Inspired by Egypt, thousands protest on Moroccan streets

Omar Waraich
Monday 21 February 2011 01:00 GMT

Thousands of people flooded on to the streets of cities across Morocco yesterday, hoping to wrest some powers from the ruling monarchy in the first large protests inspired by events in Tunisia and Egypt.

At the front of the nearly thousand-strong crowd in Casablanca, excited youth held aloft a banner bearing the image of Mohammed Bouazizi, the Tunisian vegetable seller, whose self-immolation touched off the Arab revolt. They admired his sacrifice, but were revealingly modest in their demands.

A larger demonstration took place in the capital Rabat, where some 5,000 protestors gathered opposite parliament. Smaller protests took place in Marrakech and Tangiers.

The chants echoed the Cairene at times, but differed crucially. “The people want an end to corruption,” they chanted, wrapped in Moroccan flags, under the gentle drizzle that fell over Casablanca’s Place Mohammed V, a square of tasteful Mooresque, colonial-era government buildings. In Egypt, they demanded the end of the regime.

Direct references to King Muhammad VI, the ruling monarch, were also scarce. Some held aloft banners, denouncing the government, but paying homage to the 47-year-old king, who inherited this kingdom from his father Hassan II eleven years ago.

Even the doughtiest protestors dared not utter his name. “First was Ben Ali, second was Mubarak...we know who’ll be the sixth,” they chanted, in muffled ambition.

The protests were backed by Morocco's rebel prince, Moulay Hicham, the king's first cousin and third in line for the throne. Since the ascent of Muhammad Vi, Prince Hischam has urged the democratisation of Morocco, to the chagrin of this ruling family.

"Personally, I support any initiative that calls for the democratization of our political system, taking into account the necessity that this be done in a peaceful and tolerant manner," Prince Hicham, known locally as the "red prince" for his progressive views, told an interviewer recently. The urbane and popular prince lives in the United States and is a fellow at Stanford University.

Since assuming the throne, Muhammad VI has cast himself as the “king of the poor” and the “king of women”. His chubby cheeked, youthful visage is widely in evidence. Now bearded, he smiles kindly on bars and restaurants, keeps vigilant watch over fruit sellers and cafes.

“We want the king to reign, but not rule,” said Reda Oulamine, an articulate 38 year old lawyer. “Why can’t we have a constitutional monarchy like England or Spain?”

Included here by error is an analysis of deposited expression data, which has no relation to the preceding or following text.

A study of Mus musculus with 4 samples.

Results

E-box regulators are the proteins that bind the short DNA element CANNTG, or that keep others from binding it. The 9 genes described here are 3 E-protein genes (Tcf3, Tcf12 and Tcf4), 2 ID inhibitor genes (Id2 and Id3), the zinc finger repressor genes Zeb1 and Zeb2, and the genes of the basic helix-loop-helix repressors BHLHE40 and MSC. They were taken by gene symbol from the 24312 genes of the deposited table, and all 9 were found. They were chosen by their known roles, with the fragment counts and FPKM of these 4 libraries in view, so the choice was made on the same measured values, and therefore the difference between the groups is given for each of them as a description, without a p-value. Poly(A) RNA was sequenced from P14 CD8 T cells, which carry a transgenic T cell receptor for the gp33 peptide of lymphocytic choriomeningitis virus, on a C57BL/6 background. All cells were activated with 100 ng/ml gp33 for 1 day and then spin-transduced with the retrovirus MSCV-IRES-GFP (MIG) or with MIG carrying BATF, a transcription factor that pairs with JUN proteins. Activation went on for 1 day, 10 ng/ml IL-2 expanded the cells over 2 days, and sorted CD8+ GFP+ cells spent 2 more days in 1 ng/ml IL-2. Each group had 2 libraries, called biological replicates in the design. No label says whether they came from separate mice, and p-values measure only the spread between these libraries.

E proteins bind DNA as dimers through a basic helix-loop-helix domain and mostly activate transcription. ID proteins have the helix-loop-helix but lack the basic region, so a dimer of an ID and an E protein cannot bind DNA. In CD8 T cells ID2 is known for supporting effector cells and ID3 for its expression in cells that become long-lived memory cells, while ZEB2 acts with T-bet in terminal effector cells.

While Morocco has the trappings of a more liberal regime, with dozens of political parties, unions and civil society groups, power remains tightly concentrated with the monarchy, the protestors say.

A fifth of the budget is lavished on its palaces, while the monarchy controls a vast empire of business interests, including the largest bank and mobile phone company. “The king’s holding conglomerates should be returned to the people,” said Tarik Armili, 30, a businessman. “We want our wealth back.”

Officially, unemployment in Morocco is at 10%, but Moroccans insist that it is several fold higher. Casablanca, Morocco's largest city and commercial hub, is itself a study in contrasts. Like Cairo and Tunis, appalling mass poverty lies not far from the fabulous wealth of the few.

Criticism is possible, but heavily circumscribed. Newspapers studiously avoid unflattering mentions of the king and his top generals. There isn’t even the faintest whisper of the longstanding territorial dispute over Western Sahara. “We need justice, health and education,” said Mr Oulamine. “There is no independent judiciary, the king appoints fearful judges. The old have no healthcare. And there is no investment in schools. Most of the country is illiterate.”

Many were disappointed by the turnout. “There is a fear,” said a teacher who stayed at home. “I have sympathy with the protestors, things are bad here. But I don’t want there to be any trouble in my country.” Trains between Rabat and Casablanca were stopped, while checkpoints lay athwart many Moroccan cities.

The protestors' ranks were also thinned by the absence opposition political parties. Fearful of angering the establishment, and perhaps losing their largely symbolic places in parliament, no mainstream party backed the protests. Adl wa Ahsan, the underground Islamist party, also failed to mobilise its boasted vast membership.

The small, peaceful numbers may even help burnish the regime’s self-image as a more tolerant, stable Arab country. “But this is an important first step,” said Mr Oulamine. “Maybe not now, but maybe in the next five years, change will come to Morocco.”